Microsoft document outlines its cloud security infrastructure
White paper designed to increase transparency
- By Kurt Mackie
- Nov 16, 2010
Microsoft has announced a new white paper that explains the organizational and standards-based underpinnings of its cloud security efforts.
The paper, "Information Security Management System for Microsoft Cloud Infrastructure" (PDF), describes the standards Microsoft follows to address current and evolving cloud security threats. It also depicts the internal structures within Microsoft that handle broad cloud security and risk management issues.
This latest white paper is not a practical guide, but instead outlines some general principles. Its release follows two other Microsoft white paper publications designed to provide greater transparency about the company's cloud security efforts. Those earlier releases include "Securing Microsoft's Cloud Infrastructure" and "Microsoft Compliance Framework for Online Services."
The main notion from the newly released cloud infrastructure white paper is that Microsoft has a group within its Global Foundation Services organization that digs deep within standards, principally ISO/IEC 27001:2005. This ISO/IEC international standard describes security techniques and requirements for information security management systems. Microsoft uses ISO/IEC 27001:2005 as part of its Online Services Security and Compliance (OSSC) group's Information Security Management System (ISMS).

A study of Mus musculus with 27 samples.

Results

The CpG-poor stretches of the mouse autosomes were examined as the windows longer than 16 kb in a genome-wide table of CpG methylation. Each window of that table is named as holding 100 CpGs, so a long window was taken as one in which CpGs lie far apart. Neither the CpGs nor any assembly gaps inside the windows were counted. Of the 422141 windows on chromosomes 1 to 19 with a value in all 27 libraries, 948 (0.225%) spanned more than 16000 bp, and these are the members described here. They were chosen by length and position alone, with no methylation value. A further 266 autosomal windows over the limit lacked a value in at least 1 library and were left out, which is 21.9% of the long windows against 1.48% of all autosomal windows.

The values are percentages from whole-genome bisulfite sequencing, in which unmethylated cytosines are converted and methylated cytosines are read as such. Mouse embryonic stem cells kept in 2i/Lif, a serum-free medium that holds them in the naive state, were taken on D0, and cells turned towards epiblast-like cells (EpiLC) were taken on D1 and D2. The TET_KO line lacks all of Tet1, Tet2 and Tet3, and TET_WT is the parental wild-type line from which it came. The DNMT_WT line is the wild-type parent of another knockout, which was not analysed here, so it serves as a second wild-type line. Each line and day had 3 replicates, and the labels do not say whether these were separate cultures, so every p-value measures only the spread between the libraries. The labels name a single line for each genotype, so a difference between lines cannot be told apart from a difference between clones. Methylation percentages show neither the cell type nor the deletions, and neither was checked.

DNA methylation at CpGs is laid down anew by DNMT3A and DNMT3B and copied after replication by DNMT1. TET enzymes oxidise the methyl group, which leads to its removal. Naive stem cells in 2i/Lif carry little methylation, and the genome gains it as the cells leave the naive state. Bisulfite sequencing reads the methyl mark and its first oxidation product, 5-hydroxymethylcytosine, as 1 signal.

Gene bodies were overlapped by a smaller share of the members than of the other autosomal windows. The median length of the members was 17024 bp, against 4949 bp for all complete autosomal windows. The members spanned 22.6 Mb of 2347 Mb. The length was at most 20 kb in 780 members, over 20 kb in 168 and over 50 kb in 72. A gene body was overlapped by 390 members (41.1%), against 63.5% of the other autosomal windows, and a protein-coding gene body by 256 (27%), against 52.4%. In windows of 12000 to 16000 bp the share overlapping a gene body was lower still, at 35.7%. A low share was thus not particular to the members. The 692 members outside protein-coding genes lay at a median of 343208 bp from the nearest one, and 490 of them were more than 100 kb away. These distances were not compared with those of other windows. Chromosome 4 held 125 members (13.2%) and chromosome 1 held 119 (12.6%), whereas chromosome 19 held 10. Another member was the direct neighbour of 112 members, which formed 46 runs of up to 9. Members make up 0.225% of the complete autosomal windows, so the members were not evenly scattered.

The OSSC's ISMS has three main programs, which cover information security management, risk management and information security policy. The group also coordinates various certifications, including SAS 70, Sarbanes-Oxley, the PCI Data Security Standard and the Federal Information Security Management Act. The OSSC's ISMS is validated by third parties, which aren't named in the white paper.
The new infrastructure white paper attempts to describe Microsoft's "recipe" for cloud computing, according to Mark Estberg, senior director of risk and compliance for Microsoft Global Foundation Services, in a blog post. Estberg is scheduled to speak with John Howie, senior director of Microsoft's Online Services security and compliance team, on Tuesday at the Cloud Security Alliance Congress in Orlando, Fla., where they will discuss Microsoft's best practices for the cloud.
The white paper admits that organizations may be stuck from adopting cloud computing based on privacy and security concerns. It also states that cloud business models and regulations are generally new and in flux. But it hopes that ISMS will become an overall strategy for both Microsoft's customers and partners to adopt.
Another attempt to explain approaches used for cloud security is the 76-page white paper from the Cloud Security Alliance, titled "Security Guidance for Critical Areas of Focus in Cloud Computing V2.1" (PDF). If that weren't enough, ThinkStrategies Inc., a consulting company focusing on the cloud computing and software-as-a-service industry, has issued a position paper today on why the U.S.A. PATRIOT Act, which prescribes limitations on privacy and civil liberty protections guaranteed by the U.S. Constitution, should not constrain companies from using U.S. cloud-based customer relationship management systems.
Assuring cloud security to organizations has been an uphill task. A March survey by the Information Systems Audit and Control Association found that half of 1,800 U.S. IT professionals polled felt that security concerns outweighed the potential benefits of cloud computing.